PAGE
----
Diabetes is a disease defined by higher-than-normal blood glucose levels. There are two main types of diabetes: Type 1 and Type 2, plus a condition called gestational diabetes that occurs during pregnancy.  While Type 1 and Type 2 diabetes are quite different in how they begin, they are very similar in the serious health consequences they can cause — damage to the nerves and to the large and small blood vessels of the body.  This damage can result in heart attack, stroke, retinopathy (an eye disease that can lead to blindness), nephropathy (kidney disease) and neuropathy (nerve damage which can lead to amputation). 

Fortunately, great strides have been made in treating diabetes, and the outlook for someone diagnosed with diabetes today is vastly better than it was even a generation ago.

Type 1 diabetes

With Type 1 diabetes, the body’s immune system mistakenly destroys the insulin-producing beta cells in the pancreas. Without insulin, other organs in the body struggle to function properly, which leads to serious complications. This can happen over a few weeks, months or years, and Type 1 diabetes can develop at any age.

People with Type 1 diabetes must have insulin to survive (though many people with Type 2 diabetes also use insulin).  For decades, insulin was administered via a syringe and injection under the skin. Today, the insulin in those vials has been improved dramatically, and the syringes and needles have improved greatly as well. Many people also use insulin pens, which are self-contained, insulin cartridge-and-needle delivery systems that are more portable than glass vials and syringes. This makes it easier to deliver more precise doses of insulin. Insulin pumps have also become widely used the past few years. Pumps allow a continuous dose of insulin just under the skin, plus the ability to deliver larger doses at mealtime.

Type 2 diabetes

In most cases of Type 2 diabetes, the body does not use insulin properly because of a condition called insulin resistance. The pancreas produces insulin, but the insulin resistance does not allow the body to process and use the insulin appropriately or efficiently. The degree of insulin resistance varies from person to person; some people with Type 2 diabetes have relatively low levels of insulin resistance, and the primary problem is that insulin production of the pancreas is impaired.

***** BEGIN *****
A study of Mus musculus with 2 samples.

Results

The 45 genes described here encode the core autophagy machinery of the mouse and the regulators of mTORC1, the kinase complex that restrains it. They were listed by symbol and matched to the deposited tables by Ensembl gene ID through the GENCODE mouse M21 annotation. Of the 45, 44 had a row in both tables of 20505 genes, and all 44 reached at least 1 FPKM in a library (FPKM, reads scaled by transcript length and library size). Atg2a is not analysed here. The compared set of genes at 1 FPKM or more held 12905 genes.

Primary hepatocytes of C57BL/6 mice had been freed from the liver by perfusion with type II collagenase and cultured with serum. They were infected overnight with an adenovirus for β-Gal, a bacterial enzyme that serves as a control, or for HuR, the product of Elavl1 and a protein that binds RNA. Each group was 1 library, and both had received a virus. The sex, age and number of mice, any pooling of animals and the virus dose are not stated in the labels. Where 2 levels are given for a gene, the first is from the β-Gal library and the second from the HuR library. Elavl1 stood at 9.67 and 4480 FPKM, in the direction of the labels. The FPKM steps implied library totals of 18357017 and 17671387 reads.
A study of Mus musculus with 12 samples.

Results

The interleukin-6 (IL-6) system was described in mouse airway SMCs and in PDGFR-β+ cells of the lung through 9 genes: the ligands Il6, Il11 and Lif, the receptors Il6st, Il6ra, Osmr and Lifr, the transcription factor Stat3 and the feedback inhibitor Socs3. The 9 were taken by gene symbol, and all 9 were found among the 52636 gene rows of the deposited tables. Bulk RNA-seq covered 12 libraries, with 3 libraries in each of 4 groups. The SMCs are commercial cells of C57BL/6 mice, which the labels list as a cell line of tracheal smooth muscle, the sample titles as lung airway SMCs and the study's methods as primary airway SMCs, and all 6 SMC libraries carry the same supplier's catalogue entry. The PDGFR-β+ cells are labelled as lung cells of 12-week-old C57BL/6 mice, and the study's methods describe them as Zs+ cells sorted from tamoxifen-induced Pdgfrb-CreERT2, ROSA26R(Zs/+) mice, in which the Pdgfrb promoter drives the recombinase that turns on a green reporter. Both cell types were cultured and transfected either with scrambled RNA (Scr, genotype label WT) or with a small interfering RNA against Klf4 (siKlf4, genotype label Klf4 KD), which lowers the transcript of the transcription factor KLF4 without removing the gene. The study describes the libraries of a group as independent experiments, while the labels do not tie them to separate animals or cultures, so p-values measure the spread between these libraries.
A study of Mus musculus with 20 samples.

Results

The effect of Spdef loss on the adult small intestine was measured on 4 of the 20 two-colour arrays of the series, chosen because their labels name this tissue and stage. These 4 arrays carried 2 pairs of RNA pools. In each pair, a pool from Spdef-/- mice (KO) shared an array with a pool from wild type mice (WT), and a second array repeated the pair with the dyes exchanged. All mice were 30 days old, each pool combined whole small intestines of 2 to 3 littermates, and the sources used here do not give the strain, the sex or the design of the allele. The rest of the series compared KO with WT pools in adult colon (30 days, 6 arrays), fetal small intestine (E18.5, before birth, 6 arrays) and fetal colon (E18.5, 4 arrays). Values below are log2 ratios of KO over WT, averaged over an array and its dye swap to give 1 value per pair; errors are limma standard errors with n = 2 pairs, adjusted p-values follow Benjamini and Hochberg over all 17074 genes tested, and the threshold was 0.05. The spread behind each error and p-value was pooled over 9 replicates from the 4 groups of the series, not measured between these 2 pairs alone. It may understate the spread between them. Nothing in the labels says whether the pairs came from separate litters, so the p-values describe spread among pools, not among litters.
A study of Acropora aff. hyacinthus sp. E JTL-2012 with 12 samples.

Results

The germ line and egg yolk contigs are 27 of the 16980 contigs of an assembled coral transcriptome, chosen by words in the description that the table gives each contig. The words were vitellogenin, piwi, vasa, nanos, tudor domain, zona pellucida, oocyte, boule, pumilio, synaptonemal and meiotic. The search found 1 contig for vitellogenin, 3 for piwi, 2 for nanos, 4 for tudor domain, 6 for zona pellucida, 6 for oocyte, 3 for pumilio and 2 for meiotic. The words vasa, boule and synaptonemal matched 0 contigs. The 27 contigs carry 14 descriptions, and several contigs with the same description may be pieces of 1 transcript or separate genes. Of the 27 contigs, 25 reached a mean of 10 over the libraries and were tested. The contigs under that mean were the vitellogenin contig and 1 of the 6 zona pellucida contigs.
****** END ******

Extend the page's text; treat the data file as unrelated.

Lifestyle modification — to achieve a healthy weight through increased physical activity and healthy nutrition habits — is the cornerstone of managing Type 2 diabetes. Most people with Type 2 diabetes also need one or more medications to help keep their blood glucose stable. For several decades, metformin has been the first line of treatment and has proven to be very effective, safe and inexpensive. In the past 10 to 15 years, a number of new types of Type 2 diabetes medications can work in tandem with metformin to reduce blood glucose levels. Some of these drugs also have beneficial effects on weight, blood pressure and cholesterol levels, as well as reduce the effects of cardiovascular disease.

People with Type 1 and Type 2 diabetes can also benefit from other recent advances in diabetes management, particularly devices used to measure blood glucose levels. Glucose meters have become small and fast and are able to use a tiny drop of blood to measure blood glucose. These advances, coupled with the improved drugs and delivery systems, have made a dramatic difference in improving the day-to-day life of millions of people living with diabetes.